Periodontitis is a widespread and costly disease that is primarily manifest in the oral cavity but is also associated with systemic diseases such as atherosclerosis and rheumatoid arthritis. Although several organisms have been identified as periodontal pathogens, a recent study suggests that Porphyromonas gingivalis may be a "keystone" pathogen that disrupts host-microbe homeostasis by inducing populational changes in the biofilm that contribute to inflammation. Thus, preventing P. gingivalis colonization of the oral cavity may not only limit periodontitis and have a positive impact on severe systemic diseases, improving the health status of a significant portion of the adult population. The ideal niche for P. gingivalis is the subgingival pocket, but prior to colonizing this niche, P. gingivali associates with streptococci in the supragingival biofilm. This interaction is an ideal target for therapeutic intervention since it represents one of the first events that promotes colonization of the oral cavity by P. gingivalis. The basic science discoveries that form the foundation for this proposal arise from our previous work showing that the association of P. gingivalis with streptococci is driven by a protein-protein interaction. Our mechanistic characterization of this interaction led to the development of a peptide (designated BAR) that potently inhibits P. gingivalis colonization of the oral cavity. However, peptides are not ideal therapeutic agents due to their high cost of production and susceptibility to degradation. This application addresses these shortcomings using a structure-based approach to design and synthesize non-peptide mimetics of BAR.
The first Aim will apply our knowledge of the structure and mechanism of action of BAR to design and chemically synthesize inexpensive peptidomimetic inhibitors of P. gingivalis colonization using an innovative synthetic approach called click chemistry.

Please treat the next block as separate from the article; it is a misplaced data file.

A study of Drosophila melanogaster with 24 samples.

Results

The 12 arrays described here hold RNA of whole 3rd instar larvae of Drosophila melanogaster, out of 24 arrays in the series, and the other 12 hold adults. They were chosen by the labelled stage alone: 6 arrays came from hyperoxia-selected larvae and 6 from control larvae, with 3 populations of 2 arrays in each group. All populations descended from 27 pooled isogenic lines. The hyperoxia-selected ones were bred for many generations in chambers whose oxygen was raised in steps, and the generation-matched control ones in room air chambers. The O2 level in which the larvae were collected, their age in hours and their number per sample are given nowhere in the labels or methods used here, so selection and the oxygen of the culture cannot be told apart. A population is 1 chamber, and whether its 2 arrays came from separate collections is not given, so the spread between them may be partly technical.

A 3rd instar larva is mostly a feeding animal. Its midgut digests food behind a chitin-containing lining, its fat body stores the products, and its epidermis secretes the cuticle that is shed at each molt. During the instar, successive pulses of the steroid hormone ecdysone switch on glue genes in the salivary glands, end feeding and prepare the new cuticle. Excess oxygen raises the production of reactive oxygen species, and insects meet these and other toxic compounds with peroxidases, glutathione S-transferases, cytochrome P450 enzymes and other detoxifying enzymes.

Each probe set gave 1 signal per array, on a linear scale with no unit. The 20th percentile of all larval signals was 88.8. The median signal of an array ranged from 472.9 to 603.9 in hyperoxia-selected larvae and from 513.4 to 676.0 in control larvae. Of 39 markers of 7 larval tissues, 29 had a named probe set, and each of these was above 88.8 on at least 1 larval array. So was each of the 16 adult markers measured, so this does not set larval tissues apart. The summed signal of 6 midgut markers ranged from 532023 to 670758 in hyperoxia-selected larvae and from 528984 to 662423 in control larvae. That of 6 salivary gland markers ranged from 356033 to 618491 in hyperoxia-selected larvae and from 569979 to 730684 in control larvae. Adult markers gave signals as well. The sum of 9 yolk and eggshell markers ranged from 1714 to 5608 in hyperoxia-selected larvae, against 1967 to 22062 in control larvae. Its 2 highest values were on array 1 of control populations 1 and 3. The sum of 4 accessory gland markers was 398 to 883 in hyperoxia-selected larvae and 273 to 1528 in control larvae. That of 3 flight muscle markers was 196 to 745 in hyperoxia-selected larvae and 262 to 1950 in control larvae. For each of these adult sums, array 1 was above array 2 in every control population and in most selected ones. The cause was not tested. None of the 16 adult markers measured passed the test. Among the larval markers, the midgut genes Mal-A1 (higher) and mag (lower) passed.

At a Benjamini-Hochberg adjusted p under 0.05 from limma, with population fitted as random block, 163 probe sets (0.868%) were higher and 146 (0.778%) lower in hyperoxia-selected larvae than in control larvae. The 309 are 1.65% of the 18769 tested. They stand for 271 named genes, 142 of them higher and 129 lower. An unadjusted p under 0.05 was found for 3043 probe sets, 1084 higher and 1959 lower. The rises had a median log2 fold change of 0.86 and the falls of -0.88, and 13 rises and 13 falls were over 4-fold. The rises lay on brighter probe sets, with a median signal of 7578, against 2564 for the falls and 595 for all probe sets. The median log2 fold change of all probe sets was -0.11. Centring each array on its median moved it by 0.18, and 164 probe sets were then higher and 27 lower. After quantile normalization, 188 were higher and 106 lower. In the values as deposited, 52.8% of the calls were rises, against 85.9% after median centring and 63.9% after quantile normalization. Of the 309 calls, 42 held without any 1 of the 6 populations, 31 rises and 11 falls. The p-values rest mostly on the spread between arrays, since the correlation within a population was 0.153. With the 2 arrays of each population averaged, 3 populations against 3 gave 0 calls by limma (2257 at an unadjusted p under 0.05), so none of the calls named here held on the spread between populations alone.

The second Aim of this study will assess the biologic activity of the compounds to identify lead compounds that potently inhibit P. gingivalis adherence to streptococci and the formation of P. gingivalis biofilms. The most active lead compounds will subsequently be tested in Aim 3 for inhibition of P. gingivalis virulence using an animal model of periodontitis. Thus, our prior mechanistic studies uniquely position us to design and develop new potential treatments for periodontitis and its systemic sequelae by specifically targeting P. gingivalis colonization of the oral cavity. The inherent stability and low toxicity of click chemistry products may also facilitat the rapid formulation of compounds in a mouth rinse, varnish, or toothpaste that will be suitable for clinical testing.
Periodontitis is a common oral disease that is present in up to 40% of the adult population in the United States. Annual expenditures for treatment and prevention of periodontitis exceed $15 billion. Although periodontitis is primarily manifest in the oral cavity, it is also associated with systemic illnesses such as heart disease and rheumatoid arthritis. An important recent study suggests that Porphyromonas gingivalis may be a keystone pathogen that induces populational changes in the oral biofilm that contribute to inflammation. Thus, limiting P. gingivalis colonization of the oral cavity may have positive impact periodontal health and on other systemic illnesses associates with periodontitis. This multidisciplinary study will use molecular modeling and protein structural information to design and synthesize compounds that specifically target the periodontal pathogen P. gingivalis and block its colonization of the oral cavity. These compounds represent new potential therapies that may control or prevent periodontitis and the systemic illnesses associated with this disease.